At the heart of women's problems


MEDICAL MATTERS:There is less awareness of heart disease in women, writes MUIRIS HOUSTON

“My heart is low, my heart is so low,

As only a woman’s heart can be”

– Eleanor McEvoy

THIS LYRIC came to mind when reading a recent press release from the Irish Heart Foundation. Consultant physician Dr Kate McGarry, chairwoman of the foundation’s council on women and cardiovascular disease, said a woman died every two hours in Ireland from heart, stroke and blood-vessel diseases: “When it comes to health issues, women are more concerned about breast cancer, even though seven times as many die from heart disease and stroke in Ireland each year.”

Why the awareness gap, given that some 5,000 Irish women die of cardiovascular disease every year?

The answer is partly historical and partly medical. Much of our current knowledge about heart disease can be traced back to the Framingham heart study. Launched in 1948 and still running, it set out to follow the cardiovascular health of more than 5,000 men and women aged 30-62 years when the study began. The researchers added 5,000 daughters and sons of the original participants in an extension to the study in 1970. But because two-thirds of the women studied were pre-menopausal, the initial studies suggested few women had evidence of heart disease.

Unfortunately, despite more recent advances in knowledge, to some extent doctors have continued to have a blind spot when it comes to the male-female divide in heart disease.

In fairness to them, making a diagnosis of coronary heart disease is more difficult in women. Rather than the classic crushing chest pain, sweating and nausea experienced by many men who are having a heart attack, women’s symptoms can be more subtle. Tiredness, shortness of breath and pain in the neck or the jaw may be prominent.

Women themselves do not associate these symptoms with heart disease, while health professionals may reasonably consider other causes first when women present like this.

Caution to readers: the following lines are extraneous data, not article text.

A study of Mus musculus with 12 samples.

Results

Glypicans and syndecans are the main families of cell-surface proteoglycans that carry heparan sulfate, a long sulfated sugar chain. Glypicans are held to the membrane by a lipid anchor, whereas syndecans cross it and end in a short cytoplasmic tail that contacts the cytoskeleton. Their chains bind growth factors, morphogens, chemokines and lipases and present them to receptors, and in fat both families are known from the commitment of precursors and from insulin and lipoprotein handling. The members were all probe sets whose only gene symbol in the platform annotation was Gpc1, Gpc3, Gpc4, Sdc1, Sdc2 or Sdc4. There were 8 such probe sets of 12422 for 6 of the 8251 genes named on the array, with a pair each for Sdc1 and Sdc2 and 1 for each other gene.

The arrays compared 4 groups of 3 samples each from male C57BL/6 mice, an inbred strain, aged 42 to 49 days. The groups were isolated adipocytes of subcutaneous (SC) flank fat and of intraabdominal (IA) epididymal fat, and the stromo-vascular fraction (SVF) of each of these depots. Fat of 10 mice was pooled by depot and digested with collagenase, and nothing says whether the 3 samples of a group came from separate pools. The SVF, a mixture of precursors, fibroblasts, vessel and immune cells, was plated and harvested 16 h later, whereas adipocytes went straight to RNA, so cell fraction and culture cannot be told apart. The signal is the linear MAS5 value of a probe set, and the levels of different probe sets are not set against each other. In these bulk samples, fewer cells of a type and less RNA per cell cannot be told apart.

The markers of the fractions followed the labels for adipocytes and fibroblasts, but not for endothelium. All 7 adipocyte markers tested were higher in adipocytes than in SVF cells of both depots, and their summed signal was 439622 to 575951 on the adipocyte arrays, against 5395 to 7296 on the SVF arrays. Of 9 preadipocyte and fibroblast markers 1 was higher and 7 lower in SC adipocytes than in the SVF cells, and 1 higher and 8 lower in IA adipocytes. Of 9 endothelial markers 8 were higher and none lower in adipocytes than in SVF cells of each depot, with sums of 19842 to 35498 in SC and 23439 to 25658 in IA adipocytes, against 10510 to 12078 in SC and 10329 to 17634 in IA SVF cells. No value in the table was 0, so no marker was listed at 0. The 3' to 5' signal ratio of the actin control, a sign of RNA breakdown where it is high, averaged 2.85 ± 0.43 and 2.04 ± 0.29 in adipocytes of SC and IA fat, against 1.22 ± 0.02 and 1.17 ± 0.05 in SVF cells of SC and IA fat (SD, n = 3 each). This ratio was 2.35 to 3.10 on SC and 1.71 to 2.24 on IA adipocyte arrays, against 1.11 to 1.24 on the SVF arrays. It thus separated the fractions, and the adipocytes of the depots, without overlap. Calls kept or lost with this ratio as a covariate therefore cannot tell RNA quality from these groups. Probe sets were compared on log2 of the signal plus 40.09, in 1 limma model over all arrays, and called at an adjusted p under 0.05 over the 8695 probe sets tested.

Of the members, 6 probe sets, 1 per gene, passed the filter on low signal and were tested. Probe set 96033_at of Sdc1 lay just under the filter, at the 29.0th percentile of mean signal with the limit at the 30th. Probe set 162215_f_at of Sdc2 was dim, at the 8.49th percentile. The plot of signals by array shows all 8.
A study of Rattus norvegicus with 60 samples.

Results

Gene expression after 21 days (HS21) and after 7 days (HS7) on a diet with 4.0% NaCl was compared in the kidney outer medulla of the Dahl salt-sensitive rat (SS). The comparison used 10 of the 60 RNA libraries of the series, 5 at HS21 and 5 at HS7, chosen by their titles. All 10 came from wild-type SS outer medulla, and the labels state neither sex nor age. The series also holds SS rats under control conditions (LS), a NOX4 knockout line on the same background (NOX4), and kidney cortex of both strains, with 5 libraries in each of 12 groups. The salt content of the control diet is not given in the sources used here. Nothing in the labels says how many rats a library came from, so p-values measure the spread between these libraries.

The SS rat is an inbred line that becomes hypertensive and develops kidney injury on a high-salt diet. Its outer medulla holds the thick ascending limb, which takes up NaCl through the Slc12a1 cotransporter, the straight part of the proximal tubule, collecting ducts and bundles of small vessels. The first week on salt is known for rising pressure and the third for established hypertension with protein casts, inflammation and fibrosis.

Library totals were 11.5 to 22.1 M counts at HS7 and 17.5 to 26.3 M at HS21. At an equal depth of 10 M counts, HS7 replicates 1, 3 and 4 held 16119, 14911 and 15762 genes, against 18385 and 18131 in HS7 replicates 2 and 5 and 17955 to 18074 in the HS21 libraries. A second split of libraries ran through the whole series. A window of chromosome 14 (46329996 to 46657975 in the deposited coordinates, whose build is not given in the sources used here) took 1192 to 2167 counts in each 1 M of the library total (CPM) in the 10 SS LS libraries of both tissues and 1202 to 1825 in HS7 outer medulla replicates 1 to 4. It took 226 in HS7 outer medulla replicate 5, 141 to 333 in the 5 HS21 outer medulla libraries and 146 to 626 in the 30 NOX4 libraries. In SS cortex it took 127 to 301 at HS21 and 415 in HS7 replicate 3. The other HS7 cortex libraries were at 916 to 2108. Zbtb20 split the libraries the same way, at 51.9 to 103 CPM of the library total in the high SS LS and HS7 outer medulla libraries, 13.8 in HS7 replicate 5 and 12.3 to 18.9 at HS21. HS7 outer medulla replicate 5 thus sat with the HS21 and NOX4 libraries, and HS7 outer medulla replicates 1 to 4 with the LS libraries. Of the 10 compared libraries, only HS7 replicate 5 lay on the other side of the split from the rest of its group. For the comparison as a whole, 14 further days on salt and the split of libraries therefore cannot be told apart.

Older women, in whom the incidence of heart disease is similar to that of men due to the loss of the cardio-protective effect of oestrogen after menopause, may choose to cut down on physical activity that causes them discomfort rather than go to their doctor to have the symptom investigated. And then there is the old chestnut: are women more stoic than men when it comes to pain?

Some diagnostic tests are less reliable in women. The exercise ECG – where you walk at an increasingly fast pace while your heart rate, blood pressure and heart rhythm are monitored – can appear normal in some women subsequently shown to have definite coronary heart disease when they undergo an angiogram.

However, even when the diagnosis has been made, it seems women are not treated as vigorously as men. In research presented this week at the annual congress of the European Society of Cardiology in Stockholm, Dutch researchers looking at data from the EuroHeart survey found women over 60 with coronary artery disease were less likely than men of the same age to be treated with a coronary bypass operation.

Czech researchers who looked at patients with acute coronary syndrome found a gender disparity in the numbers treated with a stent to bypass their heart blockage: 67 per cent of women had a procedure compared with 76 per cent of men.

Meanwhile in Finland, a study of people at high risk of heart disease found poor risk factor control in both sexes, but concluded that young women in the high-risk category were not being identified or adequately treated.

And a Portuguese study of 3,500 people with stroke found women experienced more extensive strokes with greater levels of disability than men, a result partly explained by a greater prevalence among women of atrial fibrillation, a heart rhythm disturbance.

It seems women with heart disease are also being studied less. An Italian researcher reported last year that in 62 randomised clinical trials published between 2006 and 2009, just a third of enrolled participants were women.